Nightmares.Everyone has nightmares at some point in their lives. They can be incredibly frightening if you don't know what is going on and sometimes, they can be incredibly stressful! Do you really know what a nightmare is, though? Most people know that a nightmare is a bad dream, but they probably don't know the details about what a nightmare really is.
Nightmares are most common amongst children, typically between the ages of three and six. This is because, at that age, we are developing our fears and our imagination is very active. Nightmares are frightening or unpleasant dreams that disrupt sleep. Sometimes, nightmares can even cause stress in your day to day life, instead of just while you're sleeping. It can be incredibly relieving to wake up and realize that the dream was not true, but then you have this feeling that you need someone there. Children especially, need to be comforted when they wake up from nightmares, as they are more likely to burst out into tears once the realize what is going on.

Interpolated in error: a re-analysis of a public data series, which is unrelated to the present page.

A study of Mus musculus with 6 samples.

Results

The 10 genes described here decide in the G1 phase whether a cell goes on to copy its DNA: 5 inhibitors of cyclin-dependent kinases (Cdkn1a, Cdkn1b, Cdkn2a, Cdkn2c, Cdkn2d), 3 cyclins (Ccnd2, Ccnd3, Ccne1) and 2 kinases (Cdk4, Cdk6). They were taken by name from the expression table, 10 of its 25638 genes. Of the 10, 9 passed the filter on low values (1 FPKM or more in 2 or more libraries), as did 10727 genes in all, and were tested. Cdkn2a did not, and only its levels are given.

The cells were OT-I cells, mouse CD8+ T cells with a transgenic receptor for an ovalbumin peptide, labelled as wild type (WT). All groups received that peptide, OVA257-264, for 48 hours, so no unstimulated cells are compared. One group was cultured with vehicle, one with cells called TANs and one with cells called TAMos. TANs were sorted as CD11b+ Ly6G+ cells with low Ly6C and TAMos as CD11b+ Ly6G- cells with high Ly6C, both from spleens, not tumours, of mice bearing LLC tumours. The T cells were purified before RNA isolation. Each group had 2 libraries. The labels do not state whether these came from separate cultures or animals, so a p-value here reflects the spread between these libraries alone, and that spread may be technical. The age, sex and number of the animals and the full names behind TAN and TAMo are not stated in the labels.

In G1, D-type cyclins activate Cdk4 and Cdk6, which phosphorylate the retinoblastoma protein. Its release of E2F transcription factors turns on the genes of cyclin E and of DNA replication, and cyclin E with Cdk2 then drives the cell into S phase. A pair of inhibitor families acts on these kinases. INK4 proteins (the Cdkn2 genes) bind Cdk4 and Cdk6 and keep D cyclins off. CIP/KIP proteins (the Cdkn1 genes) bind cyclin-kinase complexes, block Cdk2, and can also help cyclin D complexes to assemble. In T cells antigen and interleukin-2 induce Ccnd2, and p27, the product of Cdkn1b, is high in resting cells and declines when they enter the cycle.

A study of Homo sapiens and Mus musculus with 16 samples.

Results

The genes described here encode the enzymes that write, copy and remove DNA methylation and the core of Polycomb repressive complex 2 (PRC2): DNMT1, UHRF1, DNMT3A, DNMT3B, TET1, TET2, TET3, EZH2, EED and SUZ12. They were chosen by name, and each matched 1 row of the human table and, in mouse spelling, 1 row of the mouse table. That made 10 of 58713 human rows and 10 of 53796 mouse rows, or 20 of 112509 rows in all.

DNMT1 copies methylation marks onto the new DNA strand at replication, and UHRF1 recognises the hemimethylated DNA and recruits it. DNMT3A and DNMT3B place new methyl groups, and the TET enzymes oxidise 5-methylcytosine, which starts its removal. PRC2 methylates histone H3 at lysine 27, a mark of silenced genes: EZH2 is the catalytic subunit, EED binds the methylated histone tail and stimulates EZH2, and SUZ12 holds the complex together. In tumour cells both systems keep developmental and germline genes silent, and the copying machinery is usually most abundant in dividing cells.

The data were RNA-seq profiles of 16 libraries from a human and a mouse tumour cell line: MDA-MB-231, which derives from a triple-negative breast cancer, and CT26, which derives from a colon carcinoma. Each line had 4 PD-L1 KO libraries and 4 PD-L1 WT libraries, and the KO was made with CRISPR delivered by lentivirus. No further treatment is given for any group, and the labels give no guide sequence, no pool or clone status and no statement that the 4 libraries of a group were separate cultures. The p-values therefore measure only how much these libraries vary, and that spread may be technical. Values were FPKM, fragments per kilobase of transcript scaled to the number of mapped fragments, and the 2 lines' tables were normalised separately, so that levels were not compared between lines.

How to comfort a child after a Nightmare
- Listen to your child. They want to explain to you what is going on and why they are scared, so you should give them that opportunity.
- Provide a nightlight. Most children sleep a lot better knowing that the nightlight is there. If they wake up, they aren't consumed in total darkness. It makes things a lot easier.
- Check under the bed and in the closet for monsters. Even though it is silly, it can be very reassuring for the child to know there is nothing there.
- Sing to your child. Singing a soothing song can help the child drift back into a peaceful sleep.
- Stay with your child until they fall asleep, but don't bring them into your bedroom. It is important for a child to learn to sleep by themselves and not be dependent upon an adult.